Gay by any other word: To begin with, this story was quite interesting ("Gay Caballeros," by Claiborne Smith, January 13). Immediately looking at the cover, it caught my attention--because under the main title "Gay Caballeros" it said, "Inside the secret world of Dallas' mayates." "Mayates" en Español, to me and to most Spanish-speaking people, has always been known as a slang word for an African-American or a person of dark skin. It's like using the "N" word but in Spanish. I don't think either word should ever be used in any way toward any person and especially in a publication like a newspaper. I understand how you are using the word in reference to this story, but I just don't think it should have been used on the cover of the paper. And if it was used, why wasn't it explained or stated that it was being used in this "new" way? It just doesn't seem appropriate.
On the other hand, what I found interesting was how these men have sex with other men, may it be anal or oral, and don't think they are gay. Doesn't the word homosexual mean "of, relating to, or having a sexual orientation to persons of the same sex"? I think that includes any type of sex any way you look at it. I mean, what are they thinking? I'm not saying there's anything wrong with people who are gay--I have nothing against it--but it just sounded ridiculous when I read those statements from them. Anyway, interesting story, just research the use of slang words in other languages before publication.
Editor's note: We regret using the word "mayate" on the cover and not explaining the varied meanings of the word in our story. See this week's "Buzz" column by Patrick Williams.
Don't "pretty up the whore": I was born and raised a gay white boy in El Paso. My gay sensibilities were formed in that tortured city. Sparing detail, let me just say that my gay predilection for Mexican men was also nurtured in El Paso.
I know that you are getting a deluge of letters objecting to the "Gay Caballeros" article. I tend to see things without the lens of PC, sans prettying up the whore, so to speak. The article was right on the money as far as my experience bears out. Sounds just like what I experience at the more blue-collar baths here in Dallas and with the online hookups.
The Dallas Observer should stand firm on this article--maybe it isn't PC and pretty and glorifying of the underside of the Hispanic sexual culture, but it is gritty and real and truthful.
Mark K. Bentley
Hateful: I haven't been this appalled since the murder of Matthew Shepard. As an advocate for human rights, I feel this article perpetuates the ongoing demoralization and hate toward the Latino gay community. Furthermore, the descriptions of this particular community and the strong misuse of the word "mayates" participates in the larger realm of the worldly view of hate. You should be ASHAMED! NOTHING HAS BEEN ACCOMPLISHED!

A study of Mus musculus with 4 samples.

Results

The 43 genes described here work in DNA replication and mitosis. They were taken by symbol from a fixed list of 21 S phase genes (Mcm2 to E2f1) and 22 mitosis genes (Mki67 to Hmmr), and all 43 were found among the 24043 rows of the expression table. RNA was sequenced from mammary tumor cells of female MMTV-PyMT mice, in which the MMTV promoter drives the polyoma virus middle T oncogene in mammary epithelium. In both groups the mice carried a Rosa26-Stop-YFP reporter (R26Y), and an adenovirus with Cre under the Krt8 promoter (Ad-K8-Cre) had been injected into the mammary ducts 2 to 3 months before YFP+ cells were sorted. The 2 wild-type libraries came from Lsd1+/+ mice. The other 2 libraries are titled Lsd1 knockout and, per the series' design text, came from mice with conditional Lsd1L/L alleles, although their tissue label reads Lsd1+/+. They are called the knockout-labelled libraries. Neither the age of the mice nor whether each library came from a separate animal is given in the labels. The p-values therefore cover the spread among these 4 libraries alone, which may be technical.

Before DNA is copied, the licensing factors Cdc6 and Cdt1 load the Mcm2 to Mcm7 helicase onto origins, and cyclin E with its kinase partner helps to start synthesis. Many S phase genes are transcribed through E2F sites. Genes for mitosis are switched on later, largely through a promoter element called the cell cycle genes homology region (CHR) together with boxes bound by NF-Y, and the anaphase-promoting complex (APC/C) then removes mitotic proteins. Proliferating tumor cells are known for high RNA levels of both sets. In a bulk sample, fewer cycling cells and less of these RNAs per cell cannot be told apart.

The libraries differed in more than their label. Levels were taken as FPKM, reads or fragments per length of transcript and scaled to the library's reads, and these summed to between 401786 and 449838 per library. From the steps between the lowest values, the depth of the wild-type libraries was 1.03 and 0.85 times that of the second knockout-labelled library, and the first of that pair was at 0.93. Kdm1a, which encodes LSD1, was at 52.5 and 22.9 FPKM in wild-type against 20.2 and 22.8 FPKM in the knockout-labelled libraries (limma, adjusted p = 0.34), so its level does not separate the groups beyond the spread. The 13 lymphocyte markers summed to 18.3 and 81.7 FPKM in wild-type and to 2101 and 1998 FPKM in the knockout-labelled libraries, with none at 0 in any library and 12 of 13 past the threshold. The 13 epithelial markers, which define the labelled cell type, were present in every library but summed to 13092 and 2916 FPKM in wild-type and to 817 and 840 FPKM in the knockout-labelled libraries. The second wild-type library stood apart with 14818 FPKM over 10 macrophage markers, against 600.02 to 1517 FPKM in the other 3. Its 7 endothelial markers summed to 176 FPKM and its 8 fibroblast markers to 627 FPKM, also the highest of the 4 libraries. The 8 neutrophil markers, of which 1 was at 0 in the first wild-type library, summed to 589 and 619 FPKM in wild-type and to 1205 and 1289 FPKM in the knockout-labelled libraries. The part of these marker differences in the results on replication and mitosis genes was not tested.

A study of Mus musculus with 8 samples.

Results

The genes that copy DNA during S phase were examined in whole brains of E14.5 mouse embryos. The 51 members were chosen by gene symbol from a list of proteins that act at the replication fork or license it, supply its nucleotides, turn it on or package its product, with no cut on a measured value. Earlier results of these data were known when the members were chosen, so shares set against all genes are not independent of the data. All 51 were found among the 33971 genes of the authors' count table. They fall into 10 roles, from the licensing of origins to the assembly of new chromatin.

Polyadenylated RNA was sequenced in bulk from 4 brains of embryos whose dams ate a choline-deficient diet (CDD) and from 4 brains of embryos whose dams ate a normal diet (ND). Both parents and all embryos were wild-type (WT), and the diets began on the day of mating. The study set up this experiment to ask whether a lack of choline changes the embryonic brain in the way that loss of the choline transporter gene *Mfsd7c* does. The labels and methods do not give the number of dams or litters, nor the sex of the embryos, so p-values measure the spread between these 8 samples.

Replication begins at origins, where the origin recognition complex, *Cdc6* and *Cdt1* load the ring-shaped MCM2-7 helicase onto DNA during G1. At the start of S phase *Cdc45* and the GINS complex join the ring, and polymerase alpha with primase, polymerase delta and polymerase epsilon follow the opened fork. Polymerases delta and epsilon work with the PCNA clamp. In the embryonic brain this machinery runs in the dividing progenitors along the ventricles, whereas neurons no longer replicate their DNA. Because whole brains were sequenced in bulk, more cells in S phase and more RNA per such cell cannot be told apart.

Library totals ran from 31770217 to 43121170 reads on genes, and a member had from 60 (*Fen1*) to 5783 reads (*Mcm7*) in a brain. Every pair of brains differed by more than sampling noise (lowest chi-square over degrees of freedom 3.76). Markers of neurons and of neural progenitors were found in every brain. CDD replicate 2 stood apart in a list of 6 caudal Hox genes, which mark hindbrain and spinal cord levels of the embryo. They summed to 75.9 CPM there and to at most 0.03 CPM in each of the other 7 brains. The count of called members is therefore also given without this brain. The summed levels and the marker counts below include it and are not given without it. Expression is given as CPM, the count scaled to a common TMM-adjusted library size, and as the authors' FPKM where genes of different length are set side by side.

Lie Down With Dogs
No conservative plot: "Tell me who your friends are, and I'll know who you are." This old adage pretty well sums up Robert Wilonsky's piece about the supporters of the strong-mayor initiative ("Bubble Brains," January 13).
It's a simple analysis. The thrust seems to be that because most of the initiative's financial backing has come from wealthy Republicans who have donated to various conservative causes, they must be out to...what, exactly?
I am a Democrat, but on this issue--whether the elected municipal executive has the authority necessary to carry out the duties of the office and can be held accountable for performance--I agree fully with the Republicans mentioned in the article. Somehow, I suspect I am not alone.
Vance Miller is absolutely right that this is a non-partisan debate about what is best for the city of Dallas. I would urge my fellow Democrats--and all Dallas voters--to avoid making assumptions and to cast their votes based on the proposal's merits, which are considerable.
Daniel J. Healy
Homeless Holocaust: I want to thank Jim Schutze for his article ("Garbage to You," January 13). I found it touching. Mementos these people held so dear now taken from them reminds us they had/have a family, too, and a life before their current circumstances. Dallas has done irreparable mental/emotional damage to these folks, stripping them of what little hope and possessions they had. While I don't agree with Al Lipscomb's comparing the strong-mayor campaign to the Holocaust, I can't help but see some similarities in how Dallas treats the homeless. I'm afraid to think of what they will come up with next.
A great showman: I just read the "review" of Ricki Derek's Ring-A-Ding New Year's in your Letters section (January 13), and I strongly disagree with that person. Not only was the show exciting, slick and tons of fun, but it was a welcome change from the average Dallas night out. I mean, I love seeing terrible rock bands or drunk frat boys on Lower Greenville just as much as the next guy, but give me a little variety and I'll take it every time. Ricki is a great showman who never disappoints. I travel to Vegas a lot, and I'm not sure what show that person was talking about being "classy," but all the old-school shows I've seen there are contrived and boring. I was more than happy to pay the price of admission (after doing research for that night, this show was the least expensive and delivered more bang for my buck), and I thoroughly enjoyed myself. My date had never heard of Ricki before, and she was blown away. If you are bored with a great six-piece band, funny comedy acts, women hanging 50 feet in the air on scarves, a dancing poodle and a packed dance floor, then yes, you should've avoided this show.